Antidepressant Treatment of Depression During Pregnancy and the Postpartum Period
Cochrane Database of Systematic Reviews, the Cochrane Central Register of Controlled Trials, the Cumulative Index to Nursing and Allied Health Literature (CINAHL®), MEDLINE®, Scopus®, ClinicalTrials.gov, and Scientific Information Packets from pharmaceutical manufacturers. Databases were searched from their inception to July 2013.
We included studies comparing pharmacological treatments for depression during or after pregnancy with each other, with nonpharmacological treatments, or with usual care or no treatment. Outcomes included both maternal and infant or child benefits and harms. Dual review was used for study inclusion, data abstraction, and quality assessment. We assessed study quality using methods of the Drug Effectiveness Review Project. We graded the strength of the body of evidence according to the methods of the Effective Health Care Program. Direct evidence comprised studies that compared interventions of interest in the population of interest (i.e., depressed women) and measured the outcomes of interest. Studies comparing groups of depressed women with control groups with no evidence of depression were considered indirect.
We included 15 observational studies that provided direct evidence on benefits and harms of antidepressants for depression during pregnancy. We included six randomized controlled trials and two observational studies of antidepressant treatment for depression in postpartum women. Studies of depressed pregnant women primarily compared antidepressant treatment with no treatment, and studies of postpartum women also compared antidepressants alone with combination antidepressant-nonpharmacological treatments. This evidence was insufficient to draw conclusions on the comparative benefits or harms of antidepressants for the outcomes of maternal depression symptoms, functional capacity, breastfeeding, mother-infant dyad interactions, and infant and child development for either pregnant or postpartum women with depression. Low-strength evidence suggests that neonates of women with depression taking selective serotonin reuptake inhibitors (SSRIs) during pregnancy had higher risk of respiratory distress than neonates of untreated women but that risk of preterm birth or neonatal convulsions does not differ between these groups. Direct evidence on the risk of major malformations and neonatal development with exposure to antidepressants in utero was insufficient to draw conclusions. For postpartum women with depression, evidence was insufficient to evaluate the full range of benefits and harms of treatment. Low-strength evidence was unable to show a benefit of adding brief psychotherapy or cognitive behavioral therapy to SSRIs.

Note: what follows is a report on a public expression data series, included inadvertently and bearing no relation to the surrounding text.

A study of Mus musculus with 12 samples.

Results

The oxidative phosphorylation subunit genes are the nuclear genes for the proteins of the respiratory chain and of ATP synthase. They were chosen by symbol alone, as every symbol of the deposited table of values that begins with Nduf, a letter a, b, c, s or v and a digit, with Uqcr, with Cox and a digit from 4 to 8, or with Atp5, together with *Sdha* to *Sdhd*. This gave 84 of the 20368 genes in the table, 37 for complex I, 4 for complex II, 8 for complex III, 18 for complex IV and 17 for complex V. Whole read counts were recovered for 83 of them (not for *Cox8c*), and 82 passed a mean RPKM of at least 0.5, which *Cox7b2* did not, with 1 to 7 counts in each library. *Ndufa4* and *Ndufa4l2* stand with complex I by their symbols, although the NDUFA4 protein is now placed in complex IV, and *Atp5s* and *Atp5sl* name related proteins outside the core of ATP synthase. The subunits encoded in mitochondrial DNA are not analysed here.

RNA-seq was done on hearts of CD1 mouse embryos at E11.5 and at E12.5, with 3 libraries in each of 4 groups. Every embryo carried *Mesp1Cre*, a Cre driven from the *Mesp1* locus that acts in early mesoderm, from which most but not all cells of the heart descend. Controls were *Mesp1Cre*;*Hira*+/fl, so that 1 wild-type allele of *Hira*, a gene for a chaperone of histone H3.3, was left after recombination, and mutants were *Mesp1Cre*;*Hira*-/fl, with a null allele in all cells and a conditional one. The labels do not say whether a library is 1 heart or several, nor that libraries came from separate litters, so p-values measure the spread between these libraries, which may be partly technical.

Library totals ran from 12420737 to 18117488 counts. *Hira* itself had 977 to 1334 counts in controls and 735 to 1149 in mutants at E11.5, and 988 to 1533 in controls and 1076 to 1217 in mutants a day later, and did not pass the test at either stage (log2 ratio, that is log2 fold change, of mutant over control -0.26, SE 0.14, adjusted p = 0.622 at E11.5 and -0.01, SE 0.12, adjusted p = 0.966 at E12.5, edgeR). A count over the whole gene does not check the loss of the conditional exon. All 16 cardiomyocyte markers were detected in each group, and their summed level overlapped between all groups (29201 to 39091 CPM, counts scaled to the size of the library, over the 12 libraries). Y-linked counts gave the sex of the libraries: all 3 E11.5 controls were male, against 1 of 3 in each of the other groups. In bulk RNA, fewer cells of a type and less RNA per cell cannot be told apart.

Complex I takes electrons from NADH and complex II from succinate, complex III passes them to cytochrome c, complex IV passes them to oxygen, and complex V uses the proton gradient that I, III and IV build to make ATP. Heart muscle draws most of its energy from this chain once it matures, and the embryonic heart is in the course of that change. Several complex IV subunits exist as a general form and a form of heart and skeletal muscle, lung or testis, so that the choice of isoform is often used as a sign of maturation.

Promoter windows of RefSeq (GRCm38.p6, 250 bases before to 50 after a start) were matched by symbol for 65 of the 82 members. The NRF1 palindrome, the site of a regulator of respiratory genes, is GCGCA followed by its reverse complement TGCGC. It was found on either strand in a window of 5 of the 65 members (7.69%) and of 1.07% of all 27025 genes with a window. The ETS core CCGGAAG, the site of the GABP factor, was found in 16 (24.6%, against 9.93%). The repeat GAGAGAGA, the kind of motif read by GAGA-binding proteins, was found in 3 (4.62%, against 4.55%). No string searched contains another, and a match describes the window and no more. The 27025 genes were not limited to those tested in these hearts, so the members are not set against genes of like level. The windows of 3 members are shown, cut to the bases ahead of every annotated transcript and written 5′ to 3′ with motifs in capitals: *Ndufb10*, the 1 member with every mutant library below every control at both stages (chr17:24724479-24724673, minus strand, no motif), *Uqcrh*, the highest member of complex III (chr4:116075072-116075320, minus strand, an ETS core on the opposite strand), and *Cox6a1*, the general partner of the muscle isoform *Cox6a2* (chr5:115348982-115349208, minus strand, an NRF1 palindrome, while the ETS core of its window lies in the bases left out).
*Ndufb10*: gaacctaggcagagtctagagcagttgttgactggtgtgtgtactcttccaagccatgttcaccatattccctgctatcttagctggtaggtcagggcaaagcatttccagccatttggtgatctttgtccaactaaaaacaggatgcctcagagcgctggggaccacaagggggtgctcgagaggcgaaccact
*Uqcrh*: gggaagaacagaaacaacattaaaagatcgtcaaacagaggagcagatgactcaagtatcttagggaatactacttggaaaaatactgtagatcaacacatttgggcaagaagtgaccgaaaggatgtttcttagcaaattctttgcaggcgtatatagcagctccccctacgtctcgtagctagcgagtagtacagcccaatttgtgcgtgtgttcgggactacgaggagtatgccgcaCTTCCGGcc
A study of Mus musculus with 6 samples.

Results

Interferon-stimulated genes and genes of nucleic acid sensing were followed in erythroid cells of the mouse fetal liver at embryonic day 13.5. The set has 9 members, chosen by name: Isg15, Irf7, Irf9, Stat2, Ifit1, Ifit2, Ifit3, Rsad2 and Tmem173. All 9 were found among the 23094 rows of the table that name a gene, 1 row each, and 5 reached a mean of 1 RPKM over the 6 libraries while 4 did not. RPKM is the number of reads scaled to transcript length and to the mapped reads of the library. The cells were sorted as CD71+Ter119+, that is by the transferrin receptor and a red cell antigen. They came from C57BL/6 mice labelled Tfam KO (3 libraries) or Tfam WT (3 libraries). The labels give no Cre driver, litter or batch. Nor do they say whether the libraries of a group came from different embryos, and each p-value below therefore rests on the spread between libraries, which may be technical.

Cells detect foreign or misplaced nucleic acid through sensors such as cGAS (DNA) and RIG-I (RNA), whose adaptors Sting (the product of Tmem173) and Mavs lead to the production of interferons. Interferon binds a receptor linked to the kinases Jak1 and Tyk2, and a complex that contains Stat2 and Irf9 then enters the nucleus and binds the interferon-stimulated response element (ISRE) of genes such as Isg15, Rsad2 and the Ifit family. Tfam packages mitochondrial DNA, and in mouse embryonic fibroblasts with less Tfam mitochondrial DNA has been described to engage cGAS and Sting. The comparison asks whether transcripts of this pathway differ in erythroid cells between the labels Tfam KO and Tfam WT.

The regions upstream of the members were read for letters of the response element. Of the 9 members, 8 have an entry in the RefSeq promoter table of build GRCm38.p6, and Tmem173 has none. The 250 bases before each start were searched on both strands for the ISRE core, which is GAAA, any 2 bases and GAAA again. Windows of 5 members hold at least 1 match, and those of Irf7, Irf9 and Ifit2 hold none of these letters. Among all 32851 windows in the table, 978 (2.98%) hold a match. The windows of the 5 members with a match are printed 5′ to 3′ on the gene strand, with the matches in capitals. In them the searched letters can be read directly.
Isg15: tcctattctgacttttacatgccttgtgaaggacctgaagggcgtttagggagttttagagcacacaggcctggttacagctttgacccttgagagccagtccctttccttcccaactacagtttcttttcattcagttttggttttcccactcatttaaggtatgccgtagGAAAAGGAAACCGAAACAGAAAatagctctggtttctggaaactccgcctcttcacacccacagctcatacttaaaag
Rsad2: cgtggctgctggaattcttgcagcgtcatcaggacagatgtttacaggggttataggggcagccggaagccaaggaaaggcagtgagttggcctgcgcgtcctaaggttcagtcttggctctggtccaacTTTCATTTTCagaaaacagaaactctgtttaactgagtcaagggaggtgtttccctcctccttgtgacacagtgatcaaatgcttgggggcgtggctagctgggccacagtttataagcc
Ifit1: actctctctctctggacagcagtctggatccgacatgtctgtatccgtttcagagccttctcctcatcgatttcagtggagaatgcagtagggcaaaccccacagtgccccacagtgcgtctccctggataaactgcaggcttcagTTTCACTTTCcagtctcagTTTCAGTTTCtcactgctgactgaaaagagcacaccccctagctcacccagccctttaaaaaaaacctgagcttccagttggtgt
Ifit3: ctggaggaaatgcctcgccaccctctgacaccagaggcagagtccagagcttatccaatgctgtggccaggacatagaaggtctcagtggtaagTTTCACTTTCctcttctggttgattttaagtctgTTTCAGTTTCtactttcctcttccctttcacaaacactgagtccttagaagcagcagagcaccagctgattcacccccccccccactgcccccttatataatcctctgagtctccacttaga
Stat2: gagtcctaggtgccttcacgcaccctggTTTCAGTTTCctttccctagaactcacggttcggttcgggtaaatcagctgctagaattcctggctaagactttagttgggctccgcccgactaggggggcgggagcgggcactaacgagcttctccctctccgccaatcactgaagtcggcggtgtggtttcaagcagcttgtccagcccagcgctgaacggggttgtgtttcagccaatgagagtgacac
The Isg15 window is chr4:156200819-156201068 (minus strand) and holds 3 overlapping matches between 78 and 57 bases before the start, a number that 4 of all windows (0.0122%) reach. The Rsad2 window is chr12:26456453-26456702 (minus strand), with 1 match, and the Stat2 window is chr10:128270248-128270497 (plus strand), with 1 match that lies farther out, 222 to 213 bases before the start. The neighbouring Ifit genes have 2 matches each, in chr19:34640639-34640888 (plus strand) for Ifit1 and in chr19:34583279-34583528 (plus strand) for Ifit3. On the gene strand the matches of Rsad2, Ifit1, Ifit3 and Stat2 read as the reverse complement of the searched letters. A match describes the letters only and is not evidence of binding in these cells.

To address gaps in the direct evidence, we included an additional 109 observational studies of pregnant women receiving antidepressants for mixed or unreported reasons compared with pregnant women not taking antidepressants whose depression status was unknown. Signals from this indirect evidence suggest that future research should focus on the comparative risk of congenital anomalies and neonatal motor developmental delays. Although the absolute increased risk of autism spectrum disorder or attention-deficit hyperactivity disorder in the child associated with antidepressant use for depression in pregnancy may be very small, this issue also merits attention in future research. Future research should compare available treatments in groups of women with depression and have adequate sample sizes. Investigations should also take into account potential confounding, including age, race, parity, other exposures (e.g., alcohol, smoking, and other potential teratogens), and the impact of dose, severity of depression, timing of diagnosis, or prior depressive episodes.
Evidence about the comparative benefits and harms of pharmacological treatment of depression in pregnant and postpartum women was largely inadequate to allow well-informed decisions about treatment. For pregnant women, this was mainly because comparison groups were not exclusively depressed women. For postpartum women, the lack of evidence arose chiefly from a scarcity of studies. These are major limitations, as depression is known to be associated with serious adverse outcomes. Given the prevalence of depression and its impact on the lives of pregnant women, new mothers, and children, new research to fill this informational gap is essential.